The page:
Naru's Happy Travel
DOI : http://dx.doi.org/10.14354/yjk.1999.11.237
시적 자아의 자기성찰 과정: 예이츠의 『최후의 시편들』(2)
한국외국어대학교
The Poetic Self in the Process of Self-Meditation: Yeats’s Last Poems (II)
,

Hankuk University of Foreign Studies
Abstract
Yeats remarked, two years before his death, that it is the poets’ first business to describe desirable persons, desirable places, and states of mind. One of theses excellent persons and places in Last Poems―ascetics and the “half-way house” the Chinamen of “Lapis Lazuli” climb towards. Here we notice how many topographical associations lay everywhere: “the mountain,” “Alt” and the central character climbing some high point. Having lifted himself to the vantage point of age, Yeats is able to form a final altitude. The last poems are mainly set in the location of the open field, that dominates the poetic landscape.
‘The whole system’ of A Vision ‘is founded upon the belief that ultimate realit y falls in human consciousness into a series of antinomies.’ Since he had long arranged his thought and disciplined his imagination by ideas of antithesis, it is natural that his later work should play out an extended series of oppositions: knowledge and ignorance; day and night; time and eternity. In the process of consciousness they have a tendency to be separated from each other into various sets of the opposite; while their attendant logic characterizes a struggle towards harmony. ‘Logical and emotional conflicts alike lead towards a reality which is concrete, sensuous and bodily.’
“Meru” invokes an image of human being in conflict with the cyclicity of a cosmic rhythm. Yeats, identified with the oriental hermits in the ascetic attitude to life, sees “the naked bodies” to awake to the realities of life, he is reassured that the higher perception should be gained through their sensuous experiences in the darkness of night. According to St. John of Cross, ‘the nature of the soul requires complete renunciation of the world.’ The darkness brings wisdom, emptiness sight. Yeats would describe it as ‘the luminous dark.’ This implies in ‘via negativa’ that one is nothing, paradoxically, to become everything. The open region for everything is the place Heidegger called ‘clairi?re,’ which Yeats would like to paint in his poetry. Its openness let brightness play with darkness in it.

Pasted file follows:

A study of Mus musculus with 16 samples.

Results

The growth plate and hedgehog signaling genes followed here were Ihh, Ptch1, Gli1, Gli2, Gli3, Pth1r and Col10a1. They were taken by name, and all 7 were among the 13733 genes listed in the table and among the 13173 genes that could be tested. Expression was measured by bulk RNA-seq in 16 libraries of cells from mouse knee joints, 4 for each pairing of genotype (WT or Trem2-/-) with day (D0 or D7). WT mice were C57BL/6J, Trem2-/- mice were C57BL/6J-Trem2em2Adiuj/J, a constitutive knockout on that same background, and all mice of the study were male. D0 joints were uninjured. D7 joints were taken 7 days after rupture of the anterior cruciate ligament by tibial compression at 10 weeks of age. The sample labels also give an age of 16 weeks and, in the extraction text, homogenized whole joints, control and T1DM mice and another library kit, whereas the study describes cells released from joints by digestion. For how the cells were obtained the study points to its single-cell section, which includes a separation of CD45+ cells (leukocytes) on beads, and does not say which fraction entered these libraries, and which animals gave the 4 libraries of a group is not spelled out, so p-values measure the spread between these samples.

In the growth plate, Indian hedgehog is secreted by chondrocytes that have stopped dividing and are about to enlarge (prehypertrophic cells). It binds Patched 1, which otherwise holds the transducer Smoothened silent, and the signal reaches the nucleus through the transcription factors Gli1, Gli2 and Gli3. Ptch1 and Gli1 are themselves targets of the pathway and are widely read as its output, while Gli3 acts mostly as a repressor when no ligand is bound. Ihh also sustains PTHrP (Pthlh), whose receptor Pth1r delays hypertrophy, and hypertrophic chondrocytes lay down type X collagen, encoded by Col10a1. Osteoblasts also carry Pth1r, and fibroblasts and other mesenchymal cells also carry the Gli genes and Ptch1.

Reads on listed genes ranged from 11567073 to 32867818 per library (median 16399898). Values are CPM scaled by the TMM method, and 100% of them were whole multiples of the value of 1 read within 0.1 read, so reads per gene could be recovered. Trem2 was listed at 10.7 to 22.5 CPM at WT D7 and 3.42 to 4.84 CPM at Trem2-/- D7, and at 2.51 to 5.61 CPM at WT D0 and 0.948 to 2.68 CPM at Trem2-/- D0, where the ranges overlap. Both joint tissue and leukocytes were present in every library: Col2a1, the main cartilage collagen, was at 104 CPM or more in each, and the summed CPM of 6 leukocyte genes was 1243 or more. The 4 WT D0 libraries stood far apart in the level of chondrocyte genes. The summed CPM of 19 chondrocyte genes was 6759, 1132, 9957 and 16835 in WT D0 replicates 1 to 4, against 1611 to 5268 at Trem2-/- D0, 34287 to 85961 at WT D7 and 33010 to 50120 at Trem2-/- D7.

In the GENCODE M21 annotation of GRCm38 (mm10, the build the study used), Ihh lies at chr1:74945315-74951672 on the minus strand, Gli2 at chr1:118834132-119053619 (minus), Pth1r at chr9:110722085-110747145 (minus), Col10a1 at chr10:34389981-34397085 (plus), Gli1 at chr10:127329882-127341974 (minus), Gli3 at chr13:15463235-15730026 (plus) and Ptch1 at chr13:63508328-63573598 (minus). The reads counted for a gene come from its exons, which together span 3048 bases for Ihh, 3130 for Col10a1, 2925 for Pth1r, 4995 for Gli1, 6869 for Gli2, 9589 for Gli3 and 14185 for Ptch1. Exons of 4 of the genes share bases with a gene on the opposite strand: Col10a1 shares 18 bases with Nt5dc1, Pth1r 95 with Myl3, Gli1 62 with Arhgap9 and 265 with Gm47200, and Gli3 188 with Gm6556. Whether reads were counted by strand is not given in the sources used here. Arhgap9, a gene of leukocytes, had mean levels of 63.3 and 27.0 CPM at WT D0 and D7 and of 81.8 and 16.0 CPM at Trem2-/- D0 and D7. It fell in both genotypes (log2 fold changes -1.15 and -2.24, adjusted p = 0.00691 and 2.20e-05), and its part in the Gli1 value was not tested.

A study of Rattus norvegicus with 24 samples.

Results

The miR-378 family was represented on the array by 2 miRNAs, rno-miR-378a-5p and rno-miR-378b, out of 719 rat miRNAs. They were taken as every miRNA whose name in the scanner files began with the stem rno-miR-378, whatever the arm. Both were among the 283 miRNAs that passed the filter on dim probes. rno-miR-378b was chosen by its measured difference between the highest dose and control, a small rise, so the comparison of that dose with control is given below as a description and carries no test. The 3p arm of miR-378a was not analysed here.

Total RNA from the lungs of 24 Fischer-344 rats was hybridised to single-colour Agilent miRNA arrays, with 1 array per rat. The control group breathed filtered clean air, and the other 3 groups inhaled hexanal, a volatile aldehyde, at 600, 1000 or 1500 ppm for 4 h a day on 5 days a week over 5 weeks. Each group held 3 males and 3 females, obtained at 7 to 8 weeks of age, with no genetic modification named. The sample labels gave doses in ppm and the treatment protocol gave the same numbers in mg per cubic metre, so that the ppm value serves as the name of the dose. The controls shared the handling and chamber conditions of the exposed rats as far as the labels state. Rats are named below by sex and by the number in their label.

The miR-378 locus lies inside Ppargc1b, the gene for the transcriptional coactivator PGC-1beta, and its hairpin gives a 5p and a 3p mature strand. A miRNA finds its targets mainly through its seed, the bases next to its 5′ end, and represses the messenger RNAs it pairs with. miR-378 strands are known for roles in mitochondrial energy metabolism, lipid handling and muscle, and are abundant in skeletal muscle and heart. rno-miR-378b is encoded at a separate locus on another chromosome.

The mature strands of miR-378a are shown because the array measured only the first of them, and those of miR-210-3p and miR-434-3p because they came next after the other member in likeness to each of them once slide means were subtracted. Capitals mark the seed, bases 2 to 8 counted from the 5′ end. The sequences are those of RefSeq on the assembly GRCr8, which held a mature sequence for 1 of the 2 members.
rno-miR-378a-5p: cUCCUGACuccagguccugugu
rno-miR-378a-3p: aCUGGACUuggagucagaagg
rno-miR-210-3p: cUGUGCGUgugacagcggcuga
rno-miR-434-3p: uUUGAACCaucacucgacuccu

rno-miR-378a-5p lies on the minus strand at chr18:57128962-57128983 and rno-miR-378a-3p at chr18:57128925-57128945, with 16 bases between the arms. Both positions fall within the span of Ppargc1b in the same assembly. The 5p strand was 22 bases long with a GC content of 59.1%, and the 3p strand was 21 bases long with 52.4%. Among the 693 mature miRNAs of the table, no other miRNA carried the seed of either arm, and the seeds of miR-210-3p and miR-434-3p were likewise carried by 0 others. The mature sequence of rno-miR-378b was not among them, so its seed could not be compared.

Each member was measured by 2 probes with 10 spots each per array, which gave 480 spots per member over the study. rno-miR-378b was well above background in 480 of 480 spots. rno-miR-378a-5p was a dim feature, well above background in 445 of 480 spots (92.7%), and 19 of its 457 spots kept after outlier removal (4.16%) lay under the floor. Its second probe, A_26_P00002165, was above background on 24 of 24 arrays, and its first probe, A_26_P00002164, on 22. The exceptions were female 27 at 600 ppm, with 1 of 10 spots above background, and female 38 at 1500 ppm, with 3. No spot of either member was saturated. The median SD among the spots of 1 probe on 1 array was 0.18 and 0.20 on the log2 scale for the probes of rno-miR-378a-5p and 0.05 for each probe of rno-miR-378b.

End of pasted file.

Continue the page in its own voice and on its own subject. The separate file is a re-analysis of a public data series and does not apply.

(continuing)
The relation to light and darkness characterizes as ‘a double’ like the dawn image. This curious relation Adams claims to name ‘identity.’ Identity has the same form, as does a metaphorical trope, where sameness and difference coexist in language. He would write a poem ‘cold and passionate as the dawn.’ The important metaphor, which Yeats uses to describe the intersection of the two worlds, is that of dawn.
In this paper I was concerned with both the realm where religion, art, personal consciousness converge and the place in which gathers and protects everything. Yeats was life long a man who practiced both absolute integrity of craft and perfection of personality, the perfection of its surrender. I take poetry to be an exploration of human consciousness, where it faces time and eternity in their play. Equally it is an exploration of words.